Michael Hall watches people every day take a seat on the odd little metal bench in Salt Lake City’s Avenues neighborhood.

“The one I notice the most is when a parent and a child take a rest there,” said Hall, director of Jane’s Home, the mansion-turned-gathering place on South Temple and T Street. “Those [city] blocks are pretty long for little kids.”

The bench, a random bit of whimsy along a busy street, is part of the legacy of public art of Richard Johnston, a sculptor and longtime University of Utah professor who died earlier this month.

(courtesy photo) Richard Johnston, a sculptor and longtime University of Utah art professor, died Dec. 12 in Hyrum, Utah. He was 75.

Johnston, 75, died Dec. 12 in Hyrum, according to his friend and fellow artist Frank McEntire. Johnston had been suffering from Lewy body dementia and Parkinson’s disease when he died, McEntire said.

Johnston, McEntire said, was dedicated to public art, works that would become part of a city’s landscape. “He was always looking for ways to bring projects and people together,” McEntire said.

Johnston created metal sculptures familiar to Salt Lake City residents: the stainless-steel pelicanlike bird that stood for many years at the entrance to Tracy Aviary in Liberty Park; the untitled geometric assembly built in 1975 that for years sat in the front yard of the Glendinning Mansion on 700 East (the site is now undergoing renovation); and “Spiral Arch” (1990), the red metal span on 100 South near City Creek Center.

More of his works can be found at the Utah Department of Health’s offices in Provo and on the campuses of Salt Lake Community College’s West Valley City branch, Weber State University in Ogden, Utah Valley University in Orem, and Dixie State University in St. George.

Johnston was born in 1942 in Kankakee, Ill., but grew up in Southern California. He earned his master’s of fine arts from Cranbrook Academy of Art in Michigan. He was hired to teach at the University of Utah in 1968, lured by the legendary painter Douglas Snow, who chaired the U.’s art department.

“Doug threw him in his Porsche convertible and took him up to Snowbird,” McEntire said. “That seemed like something that was appealing at that time in his life. He just wanted a new start.”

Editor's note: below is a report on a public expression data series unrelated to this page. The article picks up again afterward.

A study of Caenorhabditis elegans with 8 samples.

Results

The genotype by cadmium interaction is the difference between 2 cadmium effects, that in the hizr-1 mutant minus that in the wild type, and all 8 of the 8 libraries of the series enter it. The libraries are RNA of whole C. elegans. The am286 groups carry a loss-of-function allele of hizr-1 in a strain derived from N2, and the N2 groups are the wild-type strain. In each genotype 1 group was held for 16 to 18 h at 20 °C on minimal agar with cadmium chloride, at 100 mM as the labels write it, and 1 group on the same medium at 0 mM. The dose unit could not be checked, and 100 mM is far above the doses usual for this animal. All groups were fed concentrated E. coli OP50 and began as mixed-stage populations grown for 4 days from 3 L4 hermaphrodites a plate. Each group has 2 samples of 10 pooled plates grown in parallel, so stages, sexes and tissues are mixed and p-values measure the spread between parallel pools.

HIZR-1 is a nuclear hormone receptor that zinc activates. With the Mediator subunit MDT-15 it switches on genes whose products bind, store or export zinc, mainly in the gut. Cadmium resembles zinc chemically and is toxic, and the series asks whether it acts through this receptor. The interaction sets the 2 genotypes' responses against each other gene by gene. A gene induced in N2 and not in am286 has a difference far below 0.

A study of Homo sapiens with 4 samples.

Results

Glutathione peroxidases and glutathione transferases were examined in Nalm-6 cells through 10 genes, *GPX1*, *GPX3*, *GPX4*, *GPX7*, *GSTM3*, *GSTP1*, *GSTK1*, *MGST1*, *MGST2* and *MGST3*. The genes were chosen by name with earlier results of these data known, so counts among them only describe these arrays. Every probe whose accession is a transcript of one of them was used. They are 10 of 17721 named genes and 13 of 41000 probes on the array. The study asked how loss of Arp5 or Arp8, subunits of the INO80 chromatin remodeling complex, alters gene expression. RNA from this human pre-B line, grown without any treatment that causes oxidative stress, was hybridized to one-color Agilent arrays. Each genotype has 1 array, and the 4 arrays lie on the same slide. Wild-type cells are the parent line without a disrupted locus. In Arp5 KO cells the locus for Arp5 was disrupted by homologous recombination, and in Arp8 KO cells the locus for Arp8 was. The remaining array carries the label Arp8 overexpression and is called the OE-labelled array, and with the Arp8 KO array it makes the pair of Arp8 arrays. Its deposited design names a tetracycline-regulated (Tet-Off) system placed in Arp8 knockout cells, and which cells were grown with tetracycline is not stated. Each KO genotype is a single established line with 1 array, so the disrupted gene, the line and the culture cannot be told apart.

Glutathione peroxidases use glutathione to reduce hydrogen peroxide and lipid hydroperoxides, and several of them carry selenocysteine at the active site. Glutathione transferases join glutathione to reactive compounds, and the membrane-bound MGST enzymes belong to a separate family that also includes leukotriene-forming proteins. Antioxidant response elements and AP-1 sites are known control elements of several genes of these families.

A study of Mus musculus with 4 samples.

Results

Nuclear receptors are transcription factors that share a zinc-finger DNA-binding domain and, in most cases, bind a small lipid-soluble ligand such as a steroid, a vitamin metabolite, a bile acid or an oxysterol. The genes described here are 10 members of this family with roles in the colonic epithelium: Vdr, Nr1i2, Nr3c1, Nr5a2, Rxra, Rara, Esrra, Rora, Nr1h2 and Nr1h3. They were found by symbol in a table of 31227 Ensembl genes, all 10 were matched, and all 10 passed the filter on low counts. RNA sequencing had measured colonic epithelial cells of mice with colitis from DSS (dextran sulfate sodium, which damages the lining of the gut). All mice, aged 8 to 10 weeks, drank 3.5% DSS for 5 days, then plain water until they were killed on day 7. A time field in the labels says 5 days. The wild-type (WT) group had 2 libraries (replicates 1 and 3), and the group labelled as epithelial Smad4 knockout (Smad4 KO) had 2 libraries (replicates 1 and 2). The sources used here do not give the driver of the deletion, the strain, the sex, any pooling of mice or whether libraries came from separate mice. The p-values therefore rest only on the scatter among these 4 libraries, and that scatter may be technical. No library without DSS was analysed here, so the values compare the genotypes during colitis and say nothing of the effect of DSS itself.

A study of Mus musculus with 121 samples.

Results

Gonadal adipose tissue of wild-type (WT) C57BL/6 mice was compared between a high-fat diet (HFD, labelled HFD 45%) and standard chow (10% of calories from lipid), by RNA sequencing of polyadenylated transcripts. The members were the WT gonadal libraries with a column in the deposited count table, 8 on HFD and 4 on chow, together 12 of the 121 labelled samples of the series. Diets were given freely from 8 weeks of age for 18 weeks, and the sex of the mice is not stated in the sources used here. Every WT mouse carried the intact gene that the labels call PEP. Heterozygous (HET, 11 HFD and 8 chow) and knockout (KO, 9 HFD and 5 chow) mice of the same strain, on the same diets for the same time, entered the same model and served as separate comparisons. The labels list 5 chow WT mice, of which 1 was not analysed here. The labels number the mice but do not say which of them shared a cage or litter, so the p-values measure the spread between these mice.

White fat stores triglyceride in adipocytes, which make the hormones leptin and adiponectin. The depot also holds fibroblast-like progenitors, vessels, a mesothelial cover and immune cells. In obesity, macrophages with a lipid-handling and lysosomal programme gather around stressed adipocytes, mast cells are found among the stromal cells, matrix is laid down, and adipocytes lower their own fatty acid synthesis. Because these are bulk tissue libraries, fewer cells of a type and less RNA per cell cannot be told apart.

Johnston was a professor at the U. from 1968 to 1990. From 1983 to 1986, he also was director of the Salt Lake Art Center (now the Utah Museum of Contemporary Art).

Much of the public art he made in Utah was constructed over this period — including that bench in the Avenues.

Philanthropist Jane Porter commissioned the bench, to go with the big house at 1229 E. South Temple, which she had bought in 1987 and started a three-year renovation project. Porter, Johnston and the architects discussed what kind of art would work on the property, said Bonnie Phillips, Porter’s daughter and co-owner of the Phillips Gallery in Salt Lake City, which represented Johnston’s work for decades.

The bench is modern and eccentric. “It’s very traditional, compared to his other pieces,” Phillips said. “He really made that effort to do what was needed, with great respect to the public.”

The flat part where one sits is propped up on one end by a triangle, like a fulcrum, and on the other by a wide circle of metal. Resting on the bench are wrought-metal replicas of a bowler hat and a folded umbrella — the sort of things a proper English gentleman would carry.

The hat and umbrella don’t represent a particular person, Phillips said, but reflect the Georgian Revival architecture of the house. Hall, who worked with Porter until her death in 2008, agreed. “The only significance I see is the old and the new,” he said.

When Porter died, the house became Jane’s Home, a meeting place for nonprofit organizations, with Hall as the director. The bench remains, with no identification or explanation.

Johnston left the U. in 1990 to direct the Robert Fullerton Museum of Art at California State University in San Bernardino. He ran that museum for its first six years and taught at CSUSB for 25 years, retiring in 2015. He returned to northern Utah to be closer to his wife, Nadra Haffar, then the education curator at the Nora Eccles Harrison Museum of Art at Utah State University in Logan.

The Phillips Gallery, at 444 E. 200 South in Salt Lake City, will host a “Celebration of Life” open house for Johnston, Jan. 6 from 4 to 6 p.m. But his legacy, Phillips said, will be felt by anybody who comes across his public art.

“You’re engaged with it, even if it’s subconsciously,” Phillips said. “It’s part of the city.”